Blessed Are the Rich
Does that title feel jarring? It probably should not, since great wealth is among the new beatitudes, including “blessed are the impure,” “blessed are the war-makers” and “blessed are those who obtain vengeance.”
I am not raising this touchy topic to condemn all rich people. I would have to condemn my own comfortable and secure life (and maybe I should). I would have to ignore the evidence of wealthy people who generously serve others and share their bounty. More foolishly, I would have to ignore the fact that Jesus counted the wealthy Lazarus and his sisters among his friends and warmly welcomed Zacchaeus, who promised to give back anything unjustly accumulated as well as half his largess.
But if one seriously considers the Gospels, it is an inescapable fact that Jesus had major issues with the accumulation of riches—especially in the midst of human suffering and poverty. Like other human goods, riches can enslave us; but unlike the softer or warmer mortal sins, our blind adherence to riches can harden us in self-righteous selfishness, creating a chasm between ourselves and the poor as well as God—the fate of the rich man, “Dives,” in Jesus’ parable.
I could fill this column just with sayings of Jesus concerning wealth and poverty, and they might burn our ears. Maybe that is why we do not hear much about those texts. Let it rest, however, that Jesus himself, in a description of history’s upshot and of our own destiny, said that it came down to clothing the naked, feeding the hungry, visiting the sick or imprisoned and other acts described in Matthew 25. It is clear that Jesus wants people to have good clothing, food and shelter. But it is iniquitous when we amass more and more to ourselves while others have nothing.
It is worth remembering these things as we hear from Christian politicians the smug sound bites that the poor have caused their own problem, that if they are poor they should work harder, that the way to solve our economic problems is to tax them for a loaf of bread—the same amount a millionaire might pay.
I am making here no brief for President Obama or the Democratic Party. If anything, they make matters worse by using the rhetoric of advocacy for the poor while they themselves are loath to do anything that might jeopardize their own privilege.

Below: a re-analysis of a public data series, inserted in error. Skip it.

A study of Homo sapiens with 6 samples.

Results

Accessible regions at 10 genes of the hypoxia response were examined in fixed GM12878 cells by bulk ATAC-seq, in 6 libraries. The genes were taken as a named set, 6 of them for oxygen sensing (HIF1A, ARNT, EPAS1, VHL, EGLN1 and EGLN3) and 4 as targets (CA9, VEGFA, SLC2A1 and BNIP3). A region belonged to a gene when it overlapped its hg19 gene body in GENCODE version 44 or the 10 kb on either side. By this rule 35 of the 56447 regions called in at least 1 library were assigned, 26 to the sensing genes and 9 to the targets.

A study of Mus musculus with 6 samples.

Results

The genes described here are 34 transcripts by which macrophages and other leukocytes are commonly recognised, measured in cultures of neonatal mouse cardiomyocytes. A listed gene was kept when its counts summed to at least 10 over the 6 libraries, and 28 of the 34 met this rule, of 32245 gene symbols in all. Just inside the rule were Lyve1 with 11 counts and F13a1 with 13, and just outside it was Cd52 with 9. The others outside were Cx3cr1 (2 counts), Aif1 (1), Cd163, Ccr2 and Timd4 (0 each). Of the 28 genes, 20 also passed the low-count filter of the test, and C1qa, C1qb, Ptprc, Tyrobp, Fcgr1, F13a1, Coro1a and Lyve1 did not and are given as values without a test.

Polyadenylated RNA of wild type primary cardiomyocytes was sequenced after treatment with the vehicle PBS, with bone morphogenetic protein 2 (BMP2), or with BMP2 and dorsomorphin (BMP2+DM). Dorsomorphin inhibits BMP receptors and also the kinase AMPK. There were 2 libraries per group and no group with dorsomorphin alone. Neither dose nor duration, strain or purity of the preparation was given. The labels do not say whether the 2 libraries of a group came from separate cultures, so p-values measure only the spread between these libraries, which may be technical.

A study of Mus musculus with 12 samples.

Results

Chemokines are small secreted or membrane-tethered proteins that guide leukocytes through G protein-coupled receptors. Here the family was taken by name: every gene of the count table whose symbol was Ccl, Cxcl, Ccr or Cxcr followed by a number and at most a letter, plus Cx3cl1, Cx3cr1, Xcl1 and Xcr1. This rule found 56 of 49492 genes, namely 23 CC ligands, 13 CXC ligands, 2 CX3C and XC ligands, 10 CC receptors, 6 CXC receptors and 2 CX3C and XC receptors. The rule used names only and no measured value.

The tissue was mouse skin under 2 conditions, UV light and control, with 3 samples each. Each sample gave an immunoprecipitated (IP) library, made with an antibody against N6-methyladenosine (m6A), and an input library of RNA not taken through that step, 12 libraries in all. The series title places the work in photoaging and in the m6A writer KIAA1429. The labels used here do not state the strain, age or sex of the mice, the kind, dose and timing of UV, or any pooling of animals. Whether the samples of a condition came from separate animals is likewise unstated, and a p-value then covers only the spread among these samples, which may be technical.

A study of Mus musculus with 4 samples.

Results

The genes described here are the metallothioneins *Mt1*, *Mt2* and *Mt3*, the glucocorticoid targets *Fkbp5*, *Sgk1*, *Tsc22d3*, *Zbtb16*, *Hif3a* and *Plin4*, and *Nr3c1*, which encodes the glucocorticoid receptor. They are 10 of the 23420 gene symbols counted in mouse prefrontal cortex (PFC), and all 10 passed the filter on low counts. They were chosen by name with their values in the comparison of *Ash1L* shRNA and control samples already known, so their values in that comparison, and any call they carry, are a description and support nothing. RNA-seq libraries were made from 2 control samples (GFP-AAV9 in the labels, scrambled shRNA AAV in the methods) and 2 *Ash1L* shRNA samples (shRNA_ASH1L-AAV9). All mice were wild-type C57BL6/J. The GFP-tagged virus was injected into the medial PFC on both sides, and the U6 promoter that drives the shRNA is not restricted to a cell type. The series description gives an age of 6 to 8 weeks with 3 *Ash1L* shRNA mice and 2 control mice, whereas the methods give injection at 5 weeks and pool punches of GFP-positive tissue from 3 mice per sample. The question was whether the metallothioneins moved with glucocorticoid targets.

The Gospels are also worth remembering when we witness the hostile reaction of some Catholics in the face of any challenge from the Vatican to unbridled capitalism. The most recent statement from the Pontifical Council for Justice and Peace is a great example. It is titled “Towards Reforming the International Financial and Monetary Systems in the Context of Global Public Authority.” As the document itself clarifies, it is an attempt to respond to “the needs of all peoples.”
The document’s preface makes clear that we are called to make “a thorough examination of every facet of the problem—social, economic, cultural and spiritual” with the one goal of implementing the work of Christ. Echoing Pope Paul VI in “Populorum Progressio” (1967), it is centered on the universal value of human dignity and the quest for the common good.
Now, there may indeed be different prudential judgments as to how we might ensure human dignity and the common good in the face of human need. But why is there such resistance even to bringing up the topic?
In The National Review Online, the Catholic commentator George Weigel goes out of his way to denigrate the recent document: “The truth of the matter is that ‘the Vatican’…called for precisely nothing in this document.” Weigel calls it a “‘note’ from a rather small office in the Roman Curia.” This is the same rhetorical tactic he used in his attempt to diminish Pope Benedict’s encyclical “Caritas in Veritate” as “incoherent sentimentalism” concocted by justice and peace advisors exploiting the “gentle soul” of Benedict, “who may have thought it necessary to include in his encyclical these multiple off-notes.”
I often wonder what George Weigel or Newt Gingrich or Representative Paul Ryan, Catholics all, might say of the multiple “off-notes” that Jesus sounded in the Gospels. Is he “outside his area of competence”? Is he stoking “class warfare”? Or is he calling us to a way of life that does not have capitalism as its bottom line?